At the end of a second year of cultural upheaval, it’s still feeling hard to find our footing. At times, we’ve stepped back into familiar daily experiences, only to find the ground under our feet unstable and giving way. We’ve marked out plots to plant our hopes – after the election, after the vaccines arrive, after this wave, after the ruling – that haven’t yielded what we’ve expected.
And yet, we do see growth. From child policy to community safety to social media oversight, new possibilities are emerging in the places where advocates have been cultivating progressive perspectives for years. Framing—the way we position ideas—has helped clear the spaces and till the soil for these new realities to take root.
While there is always room to grow is cliché, now is the time to grow seems perfectly apt for this unusual moment and the work happening all around us. So many of you have fielded smart, careful efforts to seed productive mindsets in freshly turned terrain. Such work rarely bears immediate fruit, but we see the shoots of new ways of thinking everywhere we turn.
As a progressive change sector, we have grown as well. We have adapted to new rhythms, new technologies, and new challenges. We have committed to breaking new ground and sharpened our tactics for cutting through chaotic conversations. We have dug deep to unearth the resolve we need, recognizing that seeding and nurturing the narratives we need is never easy, never accomplished alone, and never quite complete.
Throughout this long season of uncertainty, our partnerships with you have been a reassuring constant. We are grateful to be part of the many movements that are working hard to cultivate justice and wellbeing in an unfamiliar, and ever-changing, landscape.
In 2021, FrameWorks Institute:
- Surveyed our changing cultural landscape. While intuition tells us that culture is changing, research can help us understand the nature and degree of the shifts. We launched the Culture Change Project – a major, multi-year initiative – to monitor and measure how American mindsets are changing due to the pandemic, anti-racist activism, and anti-democratic trends. We’ve already pinpointed where thinking is becoming more systemic and where individualism is still holding strong – and will have more to say in the coming year as we continue to track mindsets, find ways to move them, and engage with progressive movements around key findings. For updates, be sure to sign up for On Frame.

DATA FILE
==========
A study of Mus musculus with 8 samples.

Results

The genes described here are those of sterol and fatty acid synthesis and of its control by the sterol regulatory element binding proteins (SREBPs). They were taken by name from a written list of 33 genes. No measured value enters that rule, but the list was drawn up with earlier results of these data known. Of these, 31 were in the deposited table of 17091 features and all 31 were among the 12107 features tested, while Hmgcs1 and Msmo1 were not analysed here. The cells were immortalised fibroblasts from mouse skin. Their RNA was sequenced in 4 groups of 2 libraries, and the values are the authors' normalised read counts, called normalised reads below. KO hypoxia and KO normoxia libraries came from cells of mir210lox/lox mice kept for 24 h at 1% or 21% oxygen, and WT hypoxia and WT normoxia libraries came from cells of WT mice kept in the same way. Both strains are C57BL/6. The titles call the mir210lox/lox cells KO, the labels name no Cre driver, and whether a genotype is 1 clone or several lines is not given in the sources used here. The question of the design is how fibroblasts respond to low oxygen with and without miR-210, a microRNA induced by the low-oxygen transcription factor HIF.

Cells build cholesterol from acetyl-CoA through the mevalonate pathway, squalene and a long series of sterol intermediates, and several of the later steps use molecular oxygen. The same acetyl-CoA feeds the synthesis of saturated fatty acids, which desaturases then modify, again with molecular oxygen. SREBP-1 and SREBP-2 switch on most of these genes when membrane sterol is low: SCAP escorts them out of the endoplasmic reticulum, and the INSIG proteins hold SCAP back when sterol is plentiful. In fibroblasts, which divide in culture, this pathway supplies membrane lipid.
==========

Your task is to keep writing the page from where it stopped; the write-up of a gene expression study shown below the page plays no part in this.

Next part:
- Conceptualized mindsets and found what makes them shift. Our researchers synthesized and explained the evidence on what it really takes to move mindsets in meaningful ways. We revisited the topic of narrative, nailing down evidence-based answers to questions that emerge in every narrative shift effort – like the perpetually perplexing “what’s the difference between narratives and stories?” We talked with luminaries with diverse perspectives to glean narrative insights from other fields for mission-driven communicators.
- Bolstered public health framing. Our researchers took a deep look into Americans’ cultural mindsets on vaccines – and have already seen better public health explanations as a result. (Stay tuned to hear more from us on vaccine messaging in 2022.) We debuted a refreshed strategy for framing childhood adversity that focuses on primary prevention – and guided public health champions to center health equity and reach conservative audiences.
- Equipped advocates to push for change at every point in the life course. We saw our framing research translated in amazingly creative ways – from a series of anti-ageist birthday cards to a new storytelling card game that helps people make sense of adolescence. We joined the call for sustained focus on children’s policy, added our voices to the push to maintain the child tax credit, and shared evidence on how pediatricians can reframe adolescence during wellness visits. We continued our partnership with the Reframing Aging Initiative, building narrative infrastructure to change the way Americans think about later life and related policies. And we got a good start on the narrative infrastructure of the future by helping to equip the youngest person ever to give a TED talk – which 7-year-old Molly Wright totally crushed.
- Set up shop across the pond. We formally established our sister organisation, FrameWorks UK – and celebrated the ways they are already changing the conversation on early childhood, housing, and more. Stay up to date on Twitter at @UK_FrameWorks.
We’re looking forward to staying connected in 2022.